If Brent Musberger Leaves for SEC Network, Who Should Replace Him at ESPN?
ESPN's college football coverage could undergo a major talent shakeup for next season.
Namely, play-by-play broadcaster Brent Musburger could move from Saturday Night Football to the lead college football announcer for ESPN's upcoming SEC Network. The current contract for Musburger, 74, will end later this year, according to Sports Illustrated's Richard Deitsch. In any case, Deitsch indicates that Musburger's future with Saturday Night Football is coming to a close:
As first reported by James Andrew Miller, Musburger has been offered the job of lead college football announcer for the upcoming SEC Network, which debuts at the end of August. It is unclear whether Musburger will take that offer, as some sources I spoke with noted he is unhappy with how the process is shaking out. What seems clear is that Musburger is being pulled from the lead announcer spot for ABC's Saturday Night Football, which is ESPN's top game each week.
ESPN has a number of directions it can go from there. When it comes to college football coverage, there's no shortage of talent for the World Wide Leader.
Not everything is so cut-and-dry, however; moving one broadcaster could result in a domino effect of talent moving around. With that said, here are some potential replacements for Musburger if/when a change comes to fruition.
In many ways, Chris Fowler feels like a no-brainer to succeed Musburger.
If Fowler isn't already the face of ESPN's college football coverage, he's quickly approaching that status. Every Saturday, Fowler leads ESPN's College GameDay, one of the best pregame sports shows anywhere. Though he's known for his work on-set, Fowler used to call college football's Thursday games until 2009. He also covers tennis for ESPN.
Deitsch reports in his latest SI media column that, like Musburger, Fowler's contract expires later this year. In an interview with SI last August, Fowler made it clear that he still has a love for play-by-play.
"I really have a passion to document live events as they happen. Hosting is wonderful and remains really satisfying but the joy for me is calling big matches."
Saturday Night Football would certainly fit that description. And if ESPN wants to keep Fowler, they may have to give him what he wants.
However, Deitsch also writes that that ESPN brass may not want Fowler doing GameDay and Saturday Night Football on the same day.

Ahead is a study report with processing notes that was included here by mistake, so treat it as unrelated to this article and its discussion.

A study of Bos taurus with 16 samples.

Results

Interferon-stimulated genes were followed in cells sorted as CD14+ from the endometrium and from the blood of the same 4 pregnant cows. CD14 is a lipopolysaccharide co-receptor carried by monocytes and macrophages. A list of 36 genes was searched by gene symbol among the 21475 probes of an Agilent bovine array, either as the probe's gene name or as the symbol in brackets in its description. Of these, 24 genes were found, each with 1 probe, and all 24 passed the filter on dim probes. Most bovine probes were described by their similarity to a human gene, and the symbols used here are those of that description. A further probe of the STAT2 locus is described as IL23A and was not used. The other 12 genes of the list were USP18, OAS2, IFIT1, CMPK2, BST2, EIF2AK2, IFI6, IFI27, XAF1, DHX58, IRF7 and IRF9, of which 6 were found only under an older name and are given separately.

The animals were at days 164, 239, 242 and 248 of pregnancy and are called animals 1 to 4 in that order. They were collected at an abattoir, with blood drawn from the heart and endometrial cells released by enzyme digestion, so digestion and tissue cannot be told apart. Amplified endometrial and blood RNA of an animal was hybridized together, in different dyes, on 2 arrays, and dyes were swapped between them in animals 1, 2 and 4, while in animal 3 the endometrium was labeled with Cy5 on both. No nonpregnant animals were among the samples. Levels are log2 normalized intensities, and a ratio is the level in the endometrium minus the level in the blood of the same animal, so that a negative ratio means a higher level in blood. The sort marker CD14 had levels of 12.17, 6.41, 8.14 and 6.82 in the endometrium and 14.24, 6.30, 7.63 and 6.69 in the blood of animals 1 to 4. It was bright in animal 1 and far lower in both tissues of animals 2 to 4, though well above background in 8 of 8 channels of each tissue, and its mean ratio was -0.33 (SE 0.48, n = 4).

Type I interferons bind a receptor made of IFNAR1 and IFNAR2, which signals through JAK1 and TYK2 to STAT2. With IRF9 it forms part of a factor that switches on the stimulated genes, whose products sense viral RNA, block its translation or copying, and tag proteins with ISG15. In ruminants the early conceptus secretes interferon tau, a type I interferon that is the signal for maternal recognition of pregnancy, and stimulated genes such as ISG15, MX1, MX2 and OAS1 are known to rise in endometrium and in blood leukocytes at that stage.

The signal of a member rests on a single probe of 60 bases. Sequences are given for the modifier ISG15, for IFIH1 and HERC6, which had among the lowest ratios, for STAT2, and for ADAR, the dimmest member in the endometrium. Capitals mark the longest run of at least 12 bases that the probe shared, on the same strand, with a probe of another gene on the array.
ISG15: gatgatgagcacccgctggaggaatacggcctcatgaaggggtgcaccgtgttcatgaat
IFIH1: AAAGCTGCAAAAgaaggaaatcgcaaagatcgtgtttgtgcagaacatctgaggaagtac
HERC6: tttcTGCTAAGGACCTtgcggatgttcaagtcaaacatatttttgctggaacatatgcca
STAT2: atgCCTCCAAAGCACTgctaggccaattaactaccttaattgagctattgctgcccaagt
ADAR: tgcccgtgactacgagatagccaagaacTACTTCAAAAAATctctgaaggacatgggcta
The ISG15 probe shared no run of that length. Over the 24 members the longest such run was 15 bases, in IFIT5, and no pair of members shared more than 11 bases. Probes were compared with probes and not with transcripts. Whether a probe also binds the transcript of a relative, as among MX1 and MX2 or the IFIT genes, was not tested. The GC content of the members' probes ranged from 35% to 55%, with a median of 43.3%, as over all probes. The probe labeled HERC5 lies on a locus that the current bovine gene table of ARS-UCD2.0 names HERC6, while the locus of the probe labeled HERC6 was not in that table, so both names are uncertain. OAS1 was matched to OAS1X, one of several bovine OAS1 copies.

There are a couple of catches: Some in ESPN management do not want Fowler to host both GameDay and call a college football game the same night. Herbstreit performs the double as an analyst, but Fowler's responsibility on GameDay are much more demanding than Herbstreit's.
A lot would have to happen to make it work, but Fowler would have to be in the discussion.
Rece Davis is a lot like Fowler in that he does on-set work—he holds down the fort in studio every Saturday with Lou Holtz and Mark May—and play-by-play (Thursday Night Football).
Also like Fowler, Davis is a natural in the booth. Getting him out of the ESPN studio may be simpler than juggling Fowler and GameDay.
The other possibility for Davis, according to both Deitsch and Jason McIntyre of The Big Lead, is that he moves to GameDay while Fowler slides into Saturday Night Football.
It would appear that all signs point to Fowler and Davis being a 1A/1B option of sorts.
Nessler is a longtime play-by-play announcer with ABC/ESPN, and more recently, the NFL Network. He also has past experience at CBS.
Nessler is great at what he does, yet he was interestingly absent from Deitsch's media column on potential replacements for Musburger. There's nothing preventing him contractually or logistically from succeeding Musburger; rather, Nessler's simply not as high on the short list as Davis or Fowler.
If any of the aforementioned options fall through, however, Nessler seems like a natural replacement.
Sean McDonough has worn a ton of hats for ESPN, calling everything from college basketball to baseball and golf. During college football season, he occupies the Saturday afternoon ABC college football with Chris Spielman.
Like Nessler, McDonough is probably further down the list of candidates to replace Musburger. Still, he's a solid play-by-play broadcaster who has developed great chemistry with Spielman.
McDonough gained additional press in 2012 when he underwent surgery for superior canal dehiscence syndrome. Literally speaking, McDonough had a hole in his head. "When I'm in a real quiet place, I can hear my eyeballs move," McDonough told the USA Today.
McDonough has since returned from surgery and is better than ever.